I do not hate my mom. Many in the media and some friends on social media seem to believe I do hate my mom, as well as other older people with compromised immune systems.
For more than a decade, my mom has been taking potent drugs that suppress her immune system. I become a hypochondriac whenever a visit approaches. Is my throat scratchy? Could I be getting a cold? Something worse than a cold? I am keenly aware that my health affects not only her health, but her life expectancy.
But the thought that we need to consider the costs of shutting down economic activity is viewed with horror! The cultural message of the moment is that I value money more than people. But the human costs of our national shutdown are enormous.
Social isolation, the loss of productive work, limiting exercise opportunities, and removing control over our lives will produce significant mental and physical health problems. The research connecting these factors to well-being is well established.
We can be confident that the intensity of symptoms have increased for people who currently suffer from depression and anxiety. Further we can be confident that new cases of depression and anxiety are on the rise, as are problems with alcoholism, drug abuse, and domestic violence. Lives and relationships are being ruined and, yes, some of these people will die.
The people who are suffering the consequences of our extended economic shutdown have faces, too — just as the people who contract COVID-19 have faces. The media may not be counting the victims of the shutdown, but they exist.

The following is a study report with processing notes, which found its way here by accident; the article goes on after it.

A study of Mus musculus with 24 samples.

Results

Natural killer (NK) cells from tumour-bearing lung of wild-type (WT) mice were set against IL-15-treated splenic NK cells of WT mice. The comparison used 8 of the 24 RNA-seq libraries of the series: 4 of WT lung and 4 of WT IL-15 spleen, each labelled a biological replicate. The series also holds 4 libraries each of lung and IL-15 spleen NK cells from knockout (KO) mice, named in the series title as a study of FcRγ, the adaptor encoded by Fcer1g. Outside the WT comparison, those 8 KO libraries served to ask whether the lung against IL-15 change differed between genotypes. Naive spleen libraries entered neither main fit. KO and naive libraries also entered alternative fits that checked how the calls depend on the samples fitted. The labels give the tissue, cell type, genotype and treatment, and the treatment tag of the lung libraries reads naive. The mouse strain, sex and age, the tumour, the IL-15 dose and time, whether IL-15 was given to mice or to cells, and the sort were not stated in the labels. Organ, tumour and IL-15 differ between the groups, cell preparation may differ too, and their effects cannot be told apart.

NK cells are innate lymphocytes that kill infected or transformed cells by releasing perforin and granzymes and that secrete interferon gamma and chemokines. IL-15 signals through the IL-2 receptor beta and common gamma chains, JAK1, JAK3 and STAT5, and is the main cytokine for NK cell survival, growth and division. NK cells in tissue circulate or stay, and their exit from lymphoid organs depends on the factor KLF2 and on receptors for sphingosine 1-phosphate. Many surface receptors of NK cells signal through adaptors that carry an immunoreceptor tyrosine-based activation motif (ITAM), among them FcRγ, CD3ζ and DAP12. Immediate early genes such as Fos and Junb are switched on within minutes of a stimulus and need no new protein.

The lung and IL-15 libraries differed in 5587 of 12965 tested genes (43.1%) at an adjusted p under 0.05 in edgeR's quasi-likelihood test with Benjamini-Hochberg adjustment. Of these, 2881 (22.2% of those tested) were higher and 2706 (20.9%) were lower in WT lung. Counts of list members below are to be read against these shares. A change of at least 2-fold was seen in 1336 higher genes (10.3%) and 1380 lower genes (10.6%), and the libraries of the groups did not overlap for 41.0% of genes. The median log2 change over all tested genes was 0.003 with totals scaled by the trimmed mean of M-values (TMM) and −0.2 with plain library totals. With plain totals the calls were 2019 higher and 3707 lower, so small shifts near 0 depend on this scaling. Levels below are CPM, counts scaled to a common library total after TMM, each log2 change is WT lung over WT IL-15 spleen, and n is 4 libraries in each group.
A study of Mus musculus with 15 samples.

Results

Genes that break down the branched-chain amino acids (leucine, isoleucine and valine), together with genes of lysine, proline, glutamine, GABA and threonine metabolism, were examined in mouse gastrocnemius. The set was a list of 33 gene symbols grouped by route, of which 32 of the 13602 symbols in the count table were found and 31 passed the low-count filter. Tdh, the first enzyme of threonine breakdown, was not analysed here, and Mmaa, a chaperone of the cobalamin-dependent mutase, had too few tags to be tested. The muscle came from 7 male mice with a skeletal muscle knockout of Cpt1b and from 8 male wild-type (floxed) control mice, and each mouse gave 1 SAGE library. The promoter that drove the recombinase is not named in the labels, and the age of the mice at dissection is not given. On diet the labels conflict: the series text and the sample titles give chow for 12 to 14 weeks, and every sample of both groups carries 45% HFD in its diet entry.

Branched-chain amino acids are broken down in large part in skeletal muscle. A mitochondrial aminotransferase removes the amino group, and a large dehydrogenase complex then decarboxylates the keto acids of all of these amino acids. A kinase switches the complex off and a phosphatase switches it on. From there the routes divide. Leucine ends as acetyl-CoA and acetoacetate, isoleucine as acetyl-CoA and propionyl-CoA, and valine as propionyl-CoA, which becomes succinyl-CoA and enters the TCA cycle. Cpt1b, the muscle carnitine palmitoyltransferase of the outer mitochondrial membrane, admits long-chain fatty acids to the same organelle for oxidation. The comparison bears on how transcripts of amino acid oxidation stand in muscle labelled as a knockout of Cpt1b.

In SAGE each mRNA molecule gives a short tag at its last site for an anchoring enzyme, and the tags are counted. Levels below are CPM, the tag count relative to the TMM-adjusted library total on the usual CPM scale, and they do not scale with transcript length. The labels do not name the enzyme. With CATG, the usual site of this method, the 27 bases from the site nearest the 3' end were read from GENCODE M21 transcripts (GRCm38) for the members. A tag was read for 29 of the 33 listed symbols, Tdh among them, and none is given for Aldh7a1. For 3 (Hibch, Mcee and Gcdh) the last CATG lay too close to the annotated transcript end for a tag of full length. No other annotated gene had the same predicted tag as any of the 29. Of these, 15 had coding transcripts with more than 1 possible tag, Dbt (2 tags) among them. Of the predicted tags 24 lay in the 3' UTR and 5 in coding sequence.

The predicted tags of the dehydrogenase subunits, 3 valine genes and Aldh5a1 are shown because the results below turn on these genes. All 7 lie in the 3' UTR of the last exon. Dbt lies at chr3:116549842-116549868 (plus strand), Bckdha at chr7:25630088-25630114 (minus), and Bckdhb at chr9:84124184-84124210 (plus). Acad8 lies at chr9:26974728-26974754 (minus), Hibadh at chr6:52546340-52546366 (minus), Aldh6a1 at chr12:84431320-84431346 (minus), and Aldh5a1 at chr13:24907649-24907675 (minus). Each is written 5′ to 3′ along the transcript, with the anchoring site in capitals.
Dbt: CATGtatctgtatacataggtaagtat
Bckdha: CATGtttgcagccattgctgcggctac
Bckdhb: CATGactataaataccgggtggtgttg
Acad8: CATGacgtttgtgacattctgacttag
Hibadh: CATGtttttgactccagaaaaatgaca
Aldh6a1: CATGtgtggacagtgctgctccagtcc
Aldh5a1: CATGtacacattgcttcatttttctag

Even the gyms are closed. Yet we know that exercises boosts the immune system and reduces the risk of depression and many diseases. How many more heart attacks and strokes will occur due to the forced closure of gyms?
What of the loss of purpose for laid-off workers? Does it feel like a slap in the face to get more in unemployment than one earned for productive work? What dangers will idle minds be drawn to?
When I walk through my neighborhood I pass a funeral home. Funerals are still taking place, but few people are able to attend. At the time of their greatest loss, families are disconnected from each other and their friends.
Then there are the young people who were to celebrate their marriages before family and friends. With legal limits on the size of gatherings and orders to shelter in place, nothing approaching a normal wedding can be had.
I think of shut-ins who long for visitors in normal times, and now those visits are illegal.
At what point are the losses from the shutdown greater than the losses from COVID-19 itself? Considering this question comes not from a cold heart, but a warm one. We need to remember the invisible victims and consider their needs, too, as we decide the best course of action.
Yes, it is political leaders who will make the decisions, but they need to know that we the people recognize there is a downside to an extended shutdown. That downside likewise includes very real human suffering.
Dr. Joseph J. Horton is a professor of psychology at Grove City College and the Working Group Coordinator for Marriage and Family with the college’s Institute for Faith and Freedom. He is also a researcher on Positive Youth Development.